Glenwood Springs, Colorado has an adventurous past and a visible history throughout its streets. Historic hot spots can be experienced all over town.
Before Glenwood Springs was a Colorado hot springs hot spot, it was a Wild West frontier town called Defiance. As raucous and ramshackle as its original name implied, it was home to a cast of characters that included gamblers and gunslingers, industrialists and entrepreneurs. Like an ornery child, it eventually matured and became well-mannered and welcoming, the Glenwood Springs we know today. But its knockabout origins can still be seen, just beneath the surface. Take a stroll through Glenwood Springs and admire the architecture of these must-see historical hotspots.
- The Hotel Colorado. (526 Pine St.) The landmark Hotel Colorado was completed in 1893, and designed in the style of the Villa de Medici in Italy. The same architects who designed the Hotel Colorado also created the Immigration Station at Ellis Island in New York.
- Glenwood Light & Water Company Hydroelectric Plant. (601 E. Sixth St.) Thanks to the ingenuity of developer and engineer Walter Devereux in 1886, Glenwood Springs was one of the first electrically lit cities, even before New York City!
- Vapor Cave No. 3. (709 E. Sixth St.) The original two vapor caves were located on the south side of the river but were closed when the railroad came through Glenwood Canyon. Cave No. 3, now the Yampah Spa & Vapor Caves was once known as the “Hygenic Hades.” It also served as a therapy center for wounded soldiers during WWII.
- Sandstone Bathhouse at Glenwood Hot Springs. (401 N. River) Under Walter Devereux’s direction the pool and bathhouse opened on July 4, 1888. It catered to a wealthy clientele and featured a men’s-only casino, 42 sunken Roman baths, and parlor rooms for smoking and reading.
- Durand’s Opera House/Odean Theater. (312 Seventh St.) This site, now the Fraternal Order of Eagles, once welcomed President Benjamin Harrison and hosted composer and conductor John Phillip Sousa. In the 1920s, it became the Odean Theater and movie star Tom Mix staged a prize fight there.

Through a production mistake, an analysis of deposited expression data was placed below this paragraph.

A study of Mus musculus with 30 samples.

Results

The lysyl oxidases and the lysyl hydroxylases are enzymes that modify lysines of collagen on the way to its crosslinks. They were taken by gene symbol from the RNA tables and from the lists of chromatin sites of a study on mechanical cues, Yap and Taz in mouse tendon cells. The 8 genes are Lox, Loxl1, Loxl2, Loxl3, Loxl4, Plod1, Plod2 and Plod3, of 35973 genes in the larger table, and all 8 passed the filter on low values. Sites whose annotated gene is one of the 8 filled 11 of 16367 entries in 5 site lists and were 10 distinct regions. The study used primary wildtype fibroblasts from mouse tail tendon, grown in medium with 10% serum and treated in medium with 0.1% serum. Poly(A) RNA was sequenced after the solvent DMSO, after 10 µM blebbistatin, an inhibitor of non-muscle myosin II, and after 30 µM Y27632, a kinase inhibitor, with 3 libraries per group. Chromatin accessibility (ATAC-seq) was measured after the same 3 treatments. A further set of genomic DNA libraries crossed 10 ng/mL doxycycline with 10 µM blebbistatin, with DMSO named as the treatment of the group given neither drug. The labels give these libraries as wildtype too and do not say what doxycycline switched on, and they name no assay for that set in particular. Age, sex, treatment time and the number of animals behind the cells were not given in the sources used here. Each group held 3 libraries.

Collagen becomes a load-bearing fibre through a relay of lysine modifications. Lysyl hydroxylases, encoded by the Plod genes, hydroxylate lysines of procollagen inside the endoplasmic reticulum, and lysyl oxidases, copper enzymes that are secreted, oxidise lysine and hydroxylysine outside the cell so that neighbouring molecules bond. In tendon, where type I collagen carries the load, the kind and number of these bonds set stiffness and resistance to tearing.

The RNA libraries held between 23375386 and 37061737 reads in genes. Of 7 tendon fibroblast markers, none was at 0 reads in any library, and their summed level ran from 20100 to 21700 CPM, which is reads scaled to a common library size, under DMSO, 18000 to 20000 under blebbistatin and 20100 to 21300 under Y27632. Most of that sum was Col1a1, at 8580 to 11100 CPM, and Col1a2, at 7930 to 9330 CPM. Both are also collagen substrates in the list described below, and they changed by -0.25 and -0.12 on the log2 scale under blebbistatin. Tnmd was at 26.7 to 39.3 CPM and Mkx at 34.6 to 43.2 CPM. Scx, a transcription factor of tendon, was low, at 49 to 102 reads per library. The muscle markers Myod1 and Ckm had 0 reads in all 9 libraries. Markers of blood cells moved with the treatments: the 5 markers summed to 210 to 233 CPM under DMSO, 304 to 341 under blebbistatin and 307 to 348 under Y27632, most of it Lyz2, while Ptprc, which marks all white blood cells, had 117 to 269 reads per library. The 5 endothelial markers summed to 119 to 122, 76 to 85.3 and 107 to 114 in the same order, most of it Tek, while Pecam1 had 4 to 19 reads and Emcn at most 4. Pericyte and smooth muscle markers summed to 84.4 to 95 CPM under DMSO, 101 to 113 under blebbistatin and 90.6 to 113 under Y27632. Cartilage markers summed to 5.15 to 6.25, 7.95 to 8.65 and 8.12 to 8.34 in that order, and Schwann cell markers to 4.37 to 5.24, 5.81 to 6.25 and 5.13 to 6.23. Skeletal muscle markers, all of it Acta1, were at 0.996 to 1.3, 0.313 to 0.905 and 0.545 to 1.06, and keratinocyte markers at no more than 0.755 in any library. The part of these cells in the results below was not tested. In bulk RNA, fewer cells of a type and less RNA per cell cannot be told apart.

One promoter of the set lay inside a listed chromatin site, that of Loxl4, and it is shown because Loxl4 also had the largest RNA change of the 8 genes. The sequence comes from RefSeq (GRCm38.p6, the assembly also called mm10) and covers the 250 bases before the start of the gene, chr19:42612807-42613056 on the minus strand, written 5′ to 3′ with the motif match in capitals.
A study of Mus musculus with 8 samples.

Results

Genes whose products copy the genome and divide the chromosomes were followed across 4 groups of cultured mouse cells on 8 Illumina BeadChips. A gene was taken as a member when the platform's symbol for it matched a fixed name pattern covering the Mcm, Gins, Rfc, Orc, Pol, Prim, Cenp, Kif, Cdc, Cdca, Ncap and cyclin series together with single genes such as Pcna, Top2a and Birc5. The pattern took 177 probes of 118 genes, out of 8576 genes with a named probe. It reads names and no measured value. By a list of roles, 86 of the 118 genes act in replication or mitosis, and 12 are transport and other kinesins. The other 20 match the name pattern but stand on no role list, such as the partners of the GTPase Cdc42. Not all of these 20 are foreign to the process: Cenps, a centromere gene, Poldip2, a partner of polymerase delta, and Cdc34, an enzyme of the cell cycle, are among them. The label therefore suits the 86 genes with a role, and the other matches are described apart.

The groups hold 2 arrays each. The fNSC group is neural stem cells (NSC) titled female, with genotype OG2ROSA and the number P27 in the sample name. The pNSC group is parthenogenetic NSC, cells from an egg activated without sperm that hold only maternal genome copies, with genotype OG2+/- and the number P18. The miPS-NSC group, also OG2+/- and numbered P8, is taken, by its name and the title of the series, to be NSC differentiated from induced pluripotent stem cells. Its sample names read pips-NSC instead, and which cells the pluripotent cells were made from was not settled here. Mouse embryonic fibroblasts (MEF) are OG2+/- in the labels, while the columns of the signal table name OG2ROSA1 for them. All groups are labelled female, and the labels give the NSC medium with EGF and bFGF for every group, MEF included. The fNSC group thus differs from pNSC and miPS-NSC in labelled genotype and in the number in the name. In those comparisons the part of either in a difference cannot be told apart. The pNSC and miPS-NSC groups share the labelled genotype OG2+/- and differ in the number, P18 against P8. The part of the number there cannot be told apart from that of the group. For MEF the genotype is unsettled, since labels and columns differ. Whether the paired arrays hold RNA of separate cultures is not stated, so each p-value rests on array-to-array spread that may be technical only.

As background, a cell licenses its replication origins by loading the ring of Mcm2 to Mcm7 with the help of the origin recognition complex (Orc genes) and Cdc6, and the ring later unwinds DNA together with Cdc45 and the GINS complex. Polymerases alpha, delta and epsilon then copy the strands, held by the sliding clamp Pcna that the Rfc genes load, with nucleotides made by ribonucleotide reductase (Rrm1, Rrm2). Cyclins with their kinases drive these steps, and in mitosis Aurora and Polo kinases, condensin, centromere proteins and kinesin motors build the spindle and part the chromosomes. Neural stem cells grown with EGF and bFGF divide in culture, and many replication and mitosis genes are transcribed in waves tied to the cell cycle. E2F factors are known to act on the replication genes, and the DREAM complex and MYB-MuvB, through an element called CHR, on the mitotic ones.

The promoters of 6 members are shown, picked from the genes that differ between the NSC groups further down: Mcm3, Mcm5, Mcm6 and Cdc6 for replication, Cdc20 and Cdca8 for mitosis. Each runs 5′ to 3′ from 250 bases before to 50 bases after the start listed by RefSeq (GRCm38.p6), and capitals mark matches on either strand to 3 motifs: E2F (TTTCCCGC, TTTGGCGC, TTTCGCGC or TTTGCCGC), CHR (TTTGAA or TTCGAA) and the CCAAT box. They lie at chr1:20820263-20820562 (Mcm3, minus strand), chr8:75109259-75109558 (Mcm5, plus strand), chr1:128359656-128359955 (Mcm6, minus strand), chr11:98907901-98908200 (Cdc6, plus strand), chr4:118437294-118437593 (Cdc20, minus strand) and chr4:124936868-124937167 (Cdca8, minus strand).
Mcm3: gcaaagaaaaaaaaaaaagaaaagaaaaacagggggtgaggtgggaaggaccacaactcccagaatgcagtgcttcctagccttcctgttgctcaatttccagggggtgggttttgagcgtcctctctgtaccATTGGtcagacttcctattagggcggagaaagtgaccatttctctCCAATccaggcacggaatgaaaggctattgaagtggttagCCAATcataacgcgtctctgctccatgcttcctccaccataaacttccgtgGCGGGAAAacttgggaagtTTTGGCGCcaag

- Denver & Rio Grande Depot. (413 Seventh St.) Built in 1904, the depot welcomed President William Taft in 1909 and provided a whistle-stop platform for President Harry S. Truman in 1948 and 1952. Step inside to visit the Glenwood Railroad Museum.
- The Star Hotel & The Hotel Denver. (402 Seventh St.) The two lodging establishments opposite the train depot were united in 1938. These historic buildings were a favorite hangout of Chicago gangster Diamond Jack Alterie who shot two men in the lobby of the Hotel Denver in 1932.
- Former site of the Hotel Glenwood. (732 Grand Ave.) Currently occupied by a western lifestyle store, the Hotel Glenwood was a spectacular structure. It was also where gambler John “Doc” Holliday resided for six months before his death on Nov. 8, 1887. The hotel burned to the ground in Dec. 1945.
- The Silver Club. (715 Grand Ave.) Built in 1893, this gentleman’s club was known for its high stakes gambling and conveniently located brothel upstairs.
- Citizen’s Bank Building. (801 Grand Ave.) The Classical Revival three-story was built in 1913. It remains one of downtown’s most striking original edifices.
- The Kaiser House. (932 Cooper Ave.) This elegant Queen Anne style home was built in 1902; lovingly restored it now houses professional offices.
- Linwood Cemetery & Doc Holliday Memorial. (12th St. & Bennett Ave.) A short hike will bring you to the final resting place of many of Glenwood’s early residents, including Doc Holliday whose marker is often strewn with playing cards and coins.